U.S. Says Russia’s Law on NGOs Intimidates Rights Activists

The United States believes that Russia’s new law on NGOs intimidates human and civil rights activists and undermines democratic developments in the country, Victoria Nuland, a spokeswoman for the U.S. Department of State, said.

Russian President Vladimir Putin signed on Saturday a law forcing non-government organizations engaged in political activity with foreign financing to be branded as “foreign agents.” The law will come in force starting in November.

“This law applies burdensome requirements on human rights advocates, anticorruption and democracy groups, and it misrepresents them as foreign agents simply because they accept foreign funds,” Nuland told a daily press briefing adding that the United States is “concerned about the democratic trend in Russia.”

Under the new legislation, NGOs would have to publish a biannual report on their activities and carry out an annual financial audit. Failure to comply with the law could result in four-year jail sentences and/or fines of up to 300,000 rubles ($9,200).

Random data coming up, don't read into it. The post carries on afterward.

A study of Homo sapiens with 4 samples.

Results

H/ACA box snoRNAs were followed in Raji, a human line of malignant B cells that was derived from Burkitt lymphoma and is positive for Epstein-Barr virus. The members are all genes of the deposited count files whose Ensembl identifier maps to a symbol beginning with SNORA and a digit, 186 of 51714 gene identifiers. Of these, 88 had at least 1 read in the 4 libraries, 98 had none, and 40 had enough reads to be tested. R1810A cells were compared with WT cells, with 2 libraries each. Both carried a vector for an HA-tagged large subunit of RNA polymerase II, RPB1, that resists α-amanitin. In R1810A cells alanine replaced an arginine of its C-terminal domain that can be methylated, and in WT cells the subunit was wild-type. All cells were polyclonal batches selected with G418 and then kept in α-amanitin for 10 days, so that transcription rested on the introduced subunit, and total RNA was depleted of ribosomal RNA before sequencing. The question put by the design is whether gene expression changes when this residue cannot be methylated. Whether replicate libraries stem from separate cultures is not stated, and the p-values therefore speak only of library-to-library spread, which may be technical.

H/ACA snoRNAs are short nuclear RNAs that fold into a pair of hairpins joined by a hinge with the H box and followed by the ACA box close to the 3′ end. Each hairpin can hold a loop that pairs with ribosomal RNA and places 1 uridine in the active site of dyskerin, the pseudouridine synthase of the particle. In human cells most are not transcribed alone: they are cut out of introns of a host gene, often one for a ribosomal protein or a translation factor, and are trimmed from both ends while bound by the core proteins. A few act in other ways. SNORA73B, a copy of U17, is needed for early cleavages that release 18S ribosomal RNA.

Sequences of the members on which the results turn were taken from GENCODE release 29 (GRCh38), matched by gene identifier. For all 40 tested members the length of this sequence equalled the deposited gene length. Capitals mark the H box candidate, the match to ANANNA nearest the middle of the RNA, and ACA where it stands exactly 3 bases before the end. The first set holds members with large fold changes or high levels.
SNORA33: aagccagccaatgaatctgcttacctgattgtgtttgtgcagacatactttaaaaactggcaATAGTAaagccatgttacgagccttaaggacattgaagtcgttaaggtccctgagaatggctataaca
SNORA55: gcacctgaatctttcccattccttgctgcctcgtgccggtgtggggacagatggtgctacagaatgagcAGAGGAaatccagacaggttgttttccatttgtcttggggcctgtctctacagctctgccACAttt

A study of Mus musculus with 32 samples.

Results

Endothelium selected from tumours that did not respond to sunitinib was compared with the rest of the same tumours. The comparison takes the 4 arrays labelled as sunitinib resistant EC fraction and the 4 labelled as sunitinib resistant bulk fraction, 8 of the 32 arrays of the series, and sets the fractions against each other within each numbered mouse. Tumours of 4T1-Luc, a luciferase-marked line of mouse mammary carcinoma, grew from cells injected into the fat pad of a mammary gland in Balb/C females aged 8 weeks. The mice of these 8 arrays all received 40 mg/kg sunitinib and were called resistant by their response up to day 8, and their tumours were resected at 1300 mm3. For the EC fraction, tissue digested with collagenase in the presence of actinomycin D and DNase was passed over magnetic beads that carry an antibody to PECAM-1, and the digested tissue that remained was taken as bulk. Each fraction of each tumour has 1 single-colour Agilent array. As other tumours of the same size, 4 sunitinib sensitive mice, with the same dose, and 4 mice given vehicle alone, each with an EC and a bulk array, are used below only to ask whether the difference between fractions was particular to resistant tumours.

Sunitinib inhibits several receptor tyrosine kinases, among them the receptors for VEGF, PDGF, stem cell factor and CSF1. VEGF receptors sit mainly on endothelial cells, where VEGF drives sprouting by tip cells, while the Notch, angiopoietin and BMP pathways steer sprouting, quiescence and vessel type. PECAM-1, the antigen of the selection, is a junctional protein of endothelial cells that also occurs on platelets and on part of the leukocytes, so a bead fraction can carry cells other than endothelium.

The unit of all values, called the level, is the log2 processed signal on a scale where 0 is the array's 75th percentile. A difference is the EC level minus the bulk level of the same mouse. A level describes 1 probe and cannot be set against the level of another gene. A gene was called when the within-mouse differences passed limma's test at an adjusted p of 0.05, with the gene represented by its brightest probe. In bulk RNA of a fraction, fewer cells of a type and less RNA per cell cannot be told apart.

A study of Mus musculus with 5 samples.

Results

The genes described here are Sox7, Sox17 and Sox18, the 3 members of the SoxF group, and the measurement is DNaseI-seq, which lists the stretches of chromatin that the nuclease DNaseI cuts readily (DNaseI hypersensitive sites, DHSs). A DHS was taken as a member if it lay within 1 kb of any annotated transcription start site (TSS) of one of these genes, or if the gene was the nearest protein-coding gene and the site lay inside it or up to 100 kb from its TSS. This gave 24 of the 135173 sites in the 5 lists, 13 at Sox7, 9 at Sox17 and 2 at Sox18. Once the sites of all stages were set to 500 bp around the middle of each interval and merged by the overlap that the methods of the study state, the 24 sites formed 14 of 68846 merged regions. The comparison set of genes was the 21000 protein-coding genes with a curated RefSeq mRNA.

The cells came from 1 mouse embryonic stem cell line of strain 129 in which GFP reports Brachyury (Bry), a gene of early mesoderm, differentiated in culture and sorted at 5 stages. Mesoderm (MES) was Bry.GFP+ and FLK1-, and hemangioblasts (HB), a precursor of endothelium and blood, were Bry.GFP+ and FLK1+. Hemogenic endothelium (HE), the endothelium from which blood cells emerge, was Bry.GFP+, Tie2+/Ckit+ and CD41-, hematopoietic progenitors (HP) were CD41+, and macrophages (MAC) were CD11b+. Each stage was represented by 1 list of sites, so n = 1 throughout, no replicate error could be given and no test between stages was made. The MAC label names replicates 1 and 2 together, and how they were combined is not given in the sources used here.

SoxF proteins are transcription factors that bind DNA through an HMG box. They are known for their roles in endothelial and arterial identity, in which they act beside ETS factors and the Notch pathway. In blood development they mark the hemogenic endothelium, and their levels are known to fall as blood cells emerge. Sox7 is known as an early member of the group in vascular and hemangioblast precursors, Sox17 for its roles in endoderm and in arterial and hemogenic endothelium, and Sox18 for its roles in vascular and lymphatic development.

“So our concern is that this law is designed to intimidate those civil society activists and organizations that Russia needs most to promote the development of a modern, democratic society that’s free from corruption, that’s based on rule of law, and in which human rights are respected,” Nuland said.

The new law on NGOs came amidst criticism from Russian human rights organizations which say the series of Kremlin-backed laws are attempts to suppress opposition in the country.